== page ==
What to do before you seek finance

By: Guest contributor

Date: 5 September 2013

What to do before you seek finance/accounting{{}}What key points should business owners think about when prepping their accounts?

Accounts should be both a factual document – prepared in accordance with the relevant legislation (eg if a company, then the relevant Companies Acts) – and a sales document. If the accounts show a poor result due to the loss of a key customer, say so, but explain how this is being overcome.

What do finance providers look for when deciding whether to provide funding?

Finance providers need to understand firstly why you need the money, how it is going to be spent, what contribution you and the company are making and most importantly how they will be paid back and over what period.

What do you think is the best form of finance and why?

This really depends what you need the money for:

  • If it is to buy a piece of equipment that is going to be used in the business then consider a medium term loan/hire purchase.
  • If it is to fund a growing business, to buy stock, fund trade creditors, etc, an overdraft or even invoice discounting or factoring might be the most suitable option.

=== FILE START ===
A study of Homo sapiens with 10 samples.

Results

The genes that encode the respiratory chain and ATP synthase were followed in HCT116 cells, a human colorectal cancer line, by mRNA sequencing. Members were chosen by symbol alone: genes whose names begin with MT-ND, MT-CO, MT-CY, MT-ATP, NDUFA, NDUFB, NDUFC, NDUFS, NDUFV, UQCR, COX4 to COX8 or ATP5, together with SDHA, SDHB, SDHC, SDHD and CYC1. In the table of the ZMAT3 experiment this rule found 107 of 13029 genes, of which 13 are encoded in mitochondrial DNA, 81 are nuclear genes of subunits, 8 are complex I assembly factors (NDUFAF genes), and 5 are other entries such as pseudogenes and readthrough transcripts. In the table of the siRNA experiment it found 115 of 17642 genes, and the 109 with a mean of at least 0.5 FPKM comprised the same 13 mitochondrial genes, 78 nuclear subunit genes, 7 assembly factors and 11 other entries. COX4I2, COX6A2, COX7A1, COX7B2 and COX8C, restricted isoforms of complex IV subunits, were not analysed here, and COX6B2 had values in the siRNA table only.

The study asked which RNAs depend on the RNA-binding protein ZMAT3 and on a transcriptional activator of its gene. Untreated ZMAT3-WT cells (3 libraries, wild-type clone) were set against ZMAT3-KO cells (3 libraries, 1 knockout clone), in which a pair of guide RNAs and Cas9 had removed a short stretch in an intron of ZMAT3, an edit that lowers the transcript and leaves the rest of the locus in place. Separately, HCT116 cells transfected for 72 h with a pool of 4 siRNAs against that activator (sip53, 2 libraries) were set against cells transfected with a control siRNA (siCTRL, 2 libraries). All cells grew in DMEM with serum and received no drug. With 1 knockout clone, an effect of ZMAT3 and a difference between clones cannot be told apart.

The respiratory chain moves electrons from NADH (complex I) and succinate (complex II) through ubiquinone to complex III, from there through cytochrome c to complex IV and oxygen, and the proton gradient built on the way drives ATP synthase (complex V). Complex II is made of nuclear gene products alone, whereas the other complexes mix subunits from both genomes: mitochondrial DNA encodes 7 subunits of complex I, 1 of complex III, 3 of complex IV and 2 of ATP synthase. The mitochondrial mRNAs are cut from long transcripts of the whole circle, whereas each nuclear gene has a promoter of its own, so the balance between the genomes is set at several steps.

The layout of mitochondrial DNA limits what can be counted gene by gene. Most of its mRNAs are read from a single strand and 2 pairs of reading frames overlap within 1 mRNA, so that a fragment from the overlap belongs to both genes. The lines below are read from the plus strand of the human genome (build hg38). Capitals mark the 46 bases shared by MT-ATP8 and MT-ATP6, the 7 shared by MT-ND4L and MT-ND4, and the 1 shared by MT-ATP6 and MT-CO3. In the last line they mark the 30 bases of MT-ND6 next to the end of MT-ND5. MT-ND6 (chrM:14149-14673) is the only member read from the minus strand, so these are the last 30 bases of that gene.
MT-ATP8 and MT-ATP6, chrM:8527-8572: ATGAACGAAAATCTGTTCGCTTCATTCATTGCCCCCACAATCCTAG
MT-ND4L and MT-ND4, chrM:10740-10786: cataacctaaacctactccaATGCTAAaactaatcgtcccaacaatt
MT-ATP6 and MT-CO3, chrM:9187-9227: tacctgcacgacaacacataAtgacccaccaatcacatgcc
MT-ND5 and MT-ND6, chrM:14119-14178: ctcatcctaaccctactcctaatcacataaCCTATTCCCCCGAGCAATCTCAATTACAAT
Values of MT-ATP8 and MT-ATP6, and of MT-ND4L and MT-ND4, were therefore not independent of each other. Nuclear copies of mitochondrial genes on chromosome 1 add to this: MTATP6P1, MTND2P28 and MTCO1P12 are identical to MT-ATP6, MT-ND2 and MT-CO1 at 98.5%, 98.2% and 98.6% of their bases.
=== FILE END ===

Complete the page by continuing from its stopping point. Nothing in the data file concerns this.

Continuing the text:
• If it is to develop a building project, then project finance that can be drawn down at key stages of the project should be considered.
  • If you are undercapitalised, maybe a medium-term investor.

What should your business plan include when seeking finance?

Your business plan should set out the following:

  • What the company does.
  • Who owns the company and what are their expectations.
  • Who runs the company and what is their experience and loyalty.
  • Who are the company’s main competitors – why are you better/how will you become better/get a larger share of the market.
  • What are the historical financial results of the company.
  • What are the projected financial results of the company.
  • How are you going to get there (ie if by more sales -  how are you going to get these extra sales?).
  • What could go wrong and what would be the effect if it did and how are you planning to minimise this risk?

You must do this yourself – it is a hard soul-searching exercise but by the end of it you will know your business in more detail and, in particular, you’ll understand its strengths, weaknesses and their trigger points.

Blog supplied by Carol Cheesman, Principal of London-based Cheesmans Accountants.